Hard to believe, isn't it? How could a full scholarship to a prestigious college not ensure matriculation and graduation for our low income and minority students?
Also worth discussing is the shockingly low rate of college completion among these students due to lack of financial resources, but the focus here is on the following scenario: a bright and driven young woman receives a coveted acceptance letter accompanied with a break-down of financial aid. To her delight and to those around her the news is uplifting. I have actually seen letters in which the total amount owed by the student is $0. A celebratory dance ensues, senior year is completed, bags are packed, and freshman year begins.
Then things fall apart. Instead of a seamless transition from high school in New York City to a freshman experience on a leafy campus, too many low income and minority students flounder, many drop-out. Hilary Pennington, from the Bill & Melinda Gates Foundation which examines enrollment patterns in higher education, had it right when she said, "If you look at who walks across the stage for a diploma, it's still largely the white, upper-income population."
So what can we do? Adults -- parents, guidance counselors, after-school program leaders need to do our homework on behalf of these young people and look carefully at the following:
Diversity of the undergraduate population on campus. Forbes takes a careful look at these numbers and reported on their website in an article titled, "America's Most Diverse Colleges" that six of the top ten most diverse college campuses are located within New York City's metropolitan area -- good news indeed for Row New York graduates. Also worth noting -- 17 of the 20 most diverse schools were public institutions.
Ask colleges what they are doing to retain these low-income and minority students. Have they put their money where their mouths are in terms of resources -- staffing, academic, and social support? Once on campus, what sort of support systems are in place? Does the college work to integrate students from different backgrounds? One of our graduates arrived on campus to discover that she and the handful of other Black freshmen were put on the same floor in a dorm not per any of their requests or prior knowledge -- leaving them feeling isolated on a primarily white campus.
Take a careful look at not only who attends these colleges, but who actually graduates from them. Are the low income and minority students standing with their peers at graduation or simply being counted during freshmen orientation?
Is the college affordable? (I know I said this wasn't going to be about money, but I couldn't resist). When I was in college, lending agents were practically throwing money at us. Need to borrow more spending money? No problem. Clearly there were flaws in this practice (see FY 2008), but this also allowed many people to take out necessary loans. This type of money is no longer highly available so borrowing tuition funds is neither easy nor highly recommended. Who wants to graduate into this job market with hundreds of thousands of dollars in debt? We need to help students look carefully at what is being offered to them by different colleges.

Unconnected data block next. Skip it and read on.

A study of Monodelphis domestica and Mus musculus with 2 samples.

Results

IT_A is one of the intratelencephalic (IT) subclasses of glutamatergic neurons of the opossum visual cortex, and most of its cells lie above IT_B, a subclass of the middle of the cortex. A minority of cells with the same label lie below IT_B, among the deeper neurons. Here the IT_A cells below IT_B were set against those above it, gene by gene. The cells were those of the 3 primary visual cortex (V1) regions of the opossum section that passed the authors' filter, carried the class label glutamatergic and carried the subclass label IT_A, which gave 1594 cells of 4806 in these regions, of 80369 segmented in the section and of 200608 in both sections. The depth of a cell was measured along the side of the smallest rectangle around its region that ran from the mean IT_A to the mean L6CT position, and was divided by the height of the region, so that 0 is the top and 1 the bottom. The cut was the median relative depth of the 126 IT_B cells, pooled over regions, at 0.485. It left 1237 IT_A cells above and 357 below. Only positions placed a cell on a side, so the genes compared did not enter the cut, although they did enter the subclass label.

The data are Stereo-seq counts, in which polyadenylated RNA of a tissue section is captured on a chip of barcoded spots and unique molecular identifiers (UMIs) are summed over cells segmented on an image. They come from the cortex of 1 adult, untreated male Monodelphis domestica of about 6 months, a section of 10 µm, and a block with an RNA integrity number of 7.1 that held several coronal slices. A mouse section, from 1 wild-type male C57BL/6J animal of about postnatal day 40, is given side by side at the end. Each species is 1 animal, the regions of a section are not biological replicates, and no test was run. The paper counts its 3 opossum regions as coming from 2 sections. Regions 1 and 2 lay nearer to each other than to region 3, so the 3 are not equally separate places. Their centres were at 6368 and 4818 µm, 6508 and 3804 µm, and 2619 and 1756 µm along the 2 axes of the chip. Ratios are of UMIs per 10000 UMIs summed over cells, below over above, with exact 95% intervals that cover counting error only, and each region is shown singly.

Some private colleges try to woo the Row New York girls with scholarships. They are eager to diversify their campuses and love our strong smart girls. Here's the problem -- they offer four or five thousand dollars. Tuition is $47,000. You do the math. CUNY and SUNY schools are a great route for our students and I always encourage our girls to take a good look at this option.
College freshmen are in a clear grey area in terms of social-emotional and academic development. In the eyes of the law, they are adults. I am guessing they are adults in their own eyes too. However, in the eyes of their professors and resident assistants they are still very much young people desperately in need of guidance and support.
So who catches these new "adults" on campus who have gained college acceptance through their own hard work and smarts, but who are no longer buoyed by a caring teacher, a mom who is their champion, or an after-school program that became their "family"?
Sadly, the answer for too many is nobody. And these young people who trotted off to campus in late summer, filled with hope, pack their bags prematurely and head home long before their peers for whom college graduation is the expected norm.
We need to try to understand why these students are leaving instead of thriving. Do they feel isolated? Do they miss home? Is the change too dramatic? Is the independence overwhelming? I don't know the answers. I do know that we need to begin the dialogue and hear from people who have been in these shoes and succeeded against the odds as well as those who have left campus. This might be the first step in finding some clarity.
We must all do better to change the trajectory, to ask colleges to work harder on this front, and ourselves as non-profit leaders to help our students make good choices and extend our support into these critical and challenging years so we are well represented as a country, not just a sub-section of our country, as our young people walk across the stage at graduation.